March 15-16, 2012 - San Servolo, Venice (Italy)
The conference “Promoting the understanding of cooperatives for a better world” organized by Euricse, the International Co-operative Alliance (ICA) and the Alliance of Italian Cooperatives for the UN International Year of Cooperatives closed last week in Venice. The two-day conference featured over 50 speakers from around the world debating issues connected to the cooperative world. The participants also signed an appeal asking the European Union’s governments to pay greater attention to the importance of cooperative banks to economic recovery. (read more)
In order to cope with the economic and social crisis, “in the future we will have to ask for help from the cooperative world. Not just in the social services, but also in the reorganization of labour, taking inspiration from this alternative model.” So said Romano Prodi, Italy’s former Prime Minister and the ex-president of the European Commission, opening the international conference. Prodi delved further into the state of the global economy and the imbalance in the distribution of employment, concluding regretfully that “the inclusivity of the cooperative system and its positive changes to the employment model run up against a lack of responses and courage from the political leadership.”
The need to change the dominant model was confirmed by Sir Partha Dasgupta, Professor Emeritus of Economics at the University of Cambridge. In his speech introducing the conference, he spoke about the economic and social costs of the prevailing economic system: “What allows big retailers and multinationals to have economies of scale is that we are not paying the real costs of the inputs, like resources and manpower. In the end our children and our grandchildren will have to pay.”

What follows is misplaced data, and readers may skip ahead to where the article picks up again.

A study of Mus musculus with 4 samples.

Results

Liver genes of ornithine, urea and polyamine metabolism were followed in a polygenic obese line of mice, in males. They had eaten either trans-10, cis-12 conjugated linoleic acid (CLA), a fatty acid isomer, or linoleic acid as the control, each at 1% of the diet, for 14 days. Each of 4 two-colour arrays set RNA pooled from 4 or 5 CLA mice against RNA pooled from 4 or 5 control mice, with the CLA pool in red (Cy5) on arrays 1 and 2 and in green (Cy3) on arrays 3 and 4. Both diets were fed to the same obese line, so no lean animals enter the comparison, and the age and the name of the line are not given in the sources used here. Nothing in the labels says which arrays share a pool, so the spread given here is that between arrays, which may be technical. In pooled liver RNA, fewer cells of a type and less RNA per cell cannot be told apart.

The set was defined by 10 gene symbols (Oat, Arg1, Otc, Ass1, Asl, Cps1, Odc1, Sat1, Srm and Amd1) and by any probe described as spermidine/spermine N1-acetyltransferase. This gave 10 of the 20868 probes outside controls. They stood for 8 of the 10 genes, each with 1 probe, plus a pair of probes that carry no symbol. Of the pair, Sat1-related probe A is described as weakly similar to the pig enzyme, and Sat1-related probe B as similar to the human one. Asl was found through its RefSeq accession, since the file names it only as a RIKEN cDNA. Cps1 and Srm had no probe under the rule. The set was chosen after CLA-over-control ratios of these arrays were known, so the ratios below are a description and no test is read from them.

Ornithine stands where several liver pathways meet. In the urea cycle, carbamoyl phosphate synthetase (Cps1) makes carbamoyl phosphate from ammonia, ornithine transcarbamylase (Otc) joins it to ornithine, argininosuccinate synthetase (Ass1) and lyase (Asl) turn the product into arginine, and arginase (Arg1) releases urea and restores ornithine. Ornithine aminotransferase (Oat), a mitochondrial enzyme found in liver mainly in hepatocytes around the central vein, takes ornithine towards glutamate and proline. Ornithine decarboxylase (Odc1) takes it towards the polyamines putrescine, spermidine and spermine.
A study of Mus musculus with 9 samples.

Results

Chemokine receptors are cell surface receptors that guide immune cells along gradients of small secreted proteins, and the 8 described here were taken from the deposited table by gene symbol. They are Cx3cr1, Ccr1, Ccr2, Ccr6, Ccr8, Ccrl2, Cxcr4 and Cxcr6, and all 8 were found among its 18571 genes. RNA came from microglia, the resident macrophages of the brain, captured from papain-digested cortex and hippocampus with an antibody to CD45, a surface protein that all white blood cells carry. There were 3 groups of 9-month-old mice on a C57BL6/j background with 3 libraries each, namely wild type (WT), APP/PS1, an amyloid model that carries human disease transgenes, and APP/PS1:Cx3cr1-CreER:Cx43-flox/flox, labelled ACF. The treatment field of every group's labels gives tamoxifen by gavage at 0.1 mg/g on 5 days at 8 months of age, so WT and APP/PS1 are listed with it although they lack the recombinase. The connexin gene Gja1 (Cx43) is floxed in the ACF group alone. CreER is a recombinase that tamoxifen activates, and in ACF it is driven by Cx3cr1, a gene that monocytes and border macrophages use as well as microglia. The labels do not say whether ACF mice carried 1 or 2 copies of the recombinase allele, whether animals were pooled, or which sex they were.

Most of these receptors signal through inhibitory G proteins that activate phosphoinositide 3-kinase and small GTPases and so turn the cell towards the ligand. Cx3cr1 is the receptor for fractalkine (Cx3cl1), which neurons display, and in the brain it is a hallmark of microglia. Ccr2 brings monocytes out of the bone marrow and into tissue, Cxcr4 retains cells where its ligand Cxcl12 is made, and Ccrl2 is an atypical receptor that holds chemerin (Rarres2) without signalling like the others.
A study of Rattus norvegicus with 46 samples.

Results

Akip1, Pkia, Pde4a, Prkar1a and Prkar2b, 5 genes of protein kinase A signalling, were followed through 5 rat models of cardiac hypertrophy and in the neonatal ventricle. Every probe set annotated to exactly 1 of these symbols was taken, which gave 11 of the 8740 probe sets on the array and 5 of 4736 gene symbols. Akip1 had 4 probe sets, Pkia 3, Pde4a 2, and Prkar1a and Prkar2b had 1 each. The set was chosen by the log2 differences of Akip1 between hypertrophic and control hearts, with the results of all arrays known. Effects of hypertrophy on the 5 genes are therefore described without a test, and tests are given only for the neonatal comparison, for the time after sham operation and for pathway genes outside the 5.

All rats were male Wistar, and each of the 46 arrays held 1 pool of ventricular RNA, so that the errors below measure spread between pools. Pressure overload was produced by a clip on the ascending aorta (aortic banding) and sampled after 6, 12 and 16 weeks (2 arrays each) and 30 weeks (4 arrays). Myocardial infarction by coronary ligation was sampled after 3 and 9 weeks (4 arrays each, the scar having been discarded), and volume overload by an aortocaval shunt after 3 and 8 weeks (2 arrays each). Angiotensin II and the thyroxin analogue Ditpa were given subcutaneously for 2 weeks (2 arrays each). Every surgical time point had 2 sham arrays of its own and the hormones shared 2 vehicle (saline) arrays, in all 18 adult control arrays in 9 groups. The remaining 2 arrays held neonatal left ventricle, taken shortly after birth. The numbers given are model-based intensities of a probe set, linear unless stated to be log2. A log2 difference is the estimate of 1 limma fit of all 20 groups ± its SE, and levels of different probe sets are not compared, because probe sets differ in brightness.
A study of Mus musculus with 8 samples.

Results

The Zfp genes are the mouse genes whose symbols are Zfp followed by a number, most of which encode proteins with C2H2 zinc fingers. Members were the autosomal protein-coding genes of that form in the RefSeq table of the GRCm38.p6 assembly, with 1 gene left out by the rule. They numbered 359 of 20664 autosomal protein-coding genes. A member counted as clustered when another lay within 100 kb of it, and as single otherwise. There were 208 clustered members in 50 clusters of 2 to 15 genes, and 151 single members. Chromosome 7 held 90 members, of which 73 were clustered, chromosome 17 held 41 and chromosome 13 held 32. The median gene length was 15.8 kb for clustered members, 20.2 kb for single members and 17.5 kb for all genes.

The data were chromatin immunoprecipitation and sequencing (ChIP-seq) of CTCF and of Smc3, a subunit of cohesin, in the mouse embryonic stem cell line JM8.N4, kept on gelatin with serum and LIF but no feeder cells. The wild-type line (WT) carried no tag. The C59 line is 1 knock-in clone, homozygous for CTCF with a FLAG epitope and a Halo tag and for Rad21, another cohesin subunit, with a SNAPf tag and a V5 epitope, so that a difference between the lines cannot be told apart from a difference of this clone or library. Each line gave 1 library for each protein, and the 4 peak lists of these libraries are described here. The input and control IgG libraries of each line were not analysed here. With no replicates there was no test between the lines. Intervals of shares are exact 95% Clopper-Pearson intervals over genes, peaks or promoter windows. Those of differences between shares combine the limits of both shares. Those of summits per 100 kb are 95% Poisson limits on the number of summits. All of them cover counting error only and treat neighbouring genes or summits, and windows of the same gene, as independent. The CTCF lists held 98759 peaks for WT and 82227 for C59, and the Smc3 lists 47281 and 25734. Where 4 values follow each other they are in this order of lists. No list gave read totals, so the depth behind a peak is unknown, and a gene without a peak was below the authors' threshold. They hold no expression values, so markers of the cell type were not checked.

The sentiment behind the conference title, “Promoting the understanding of cooperatives for a better world”, is proving more important than ever, given the current shifts in global economic equilibriums dictated by the crisis.
To debate these highly topical issues, over 200 people had come to San Servolo Island in Venice to participate in the conference, including economics experts and cooperative representatives from 27 different countries.
The international relevance of the conference was also emphasized by Len Wardle, president of Co-operatives UK, who presented some very important figures, appropriate given the conference’s focus on economics: “The 300 biggest cooperatives in the world are worth 1.6 trillion dollars alone,” he said. “That’s a tricky number to write.” They have a certain weight, in other words, which will allow the cooperative world to launch itself into the future with a very specific demand: “Let’s ask if this year the cooperative world will be allowed to help build a sustainable world, break down the wall of poverty in rural zones and export the cooperative model to more new areas and emerging economies.”
The conclusions of the conference therefore “greatly re-evaluate the cooperative model, from both an economic and a social perspective”, and belie many of the limits considered to be typical to cooperatives. Though often considered to be systematically less efficient than other forms of businesses, it was shown that cooperatives are not confined to specific sectors, are not only small enterprises and are not less capitalized than shareholder companies. Cooperatives tend to maintain higher employment levels than other firms in times of crisis, and to increase employment levels in expansion phases.
Euricse’s research staff is working on a more comprehensive summary document based on the contributions of the keynote speakers and enriched with the outcomes of the related discussion sessions, which we will be published soon.
Once completed by the authors, the conference papers will be published in JEOD –Journal of Entrepreneurial and Organizational Diversity. You will receive an alert to inform you about each new publication.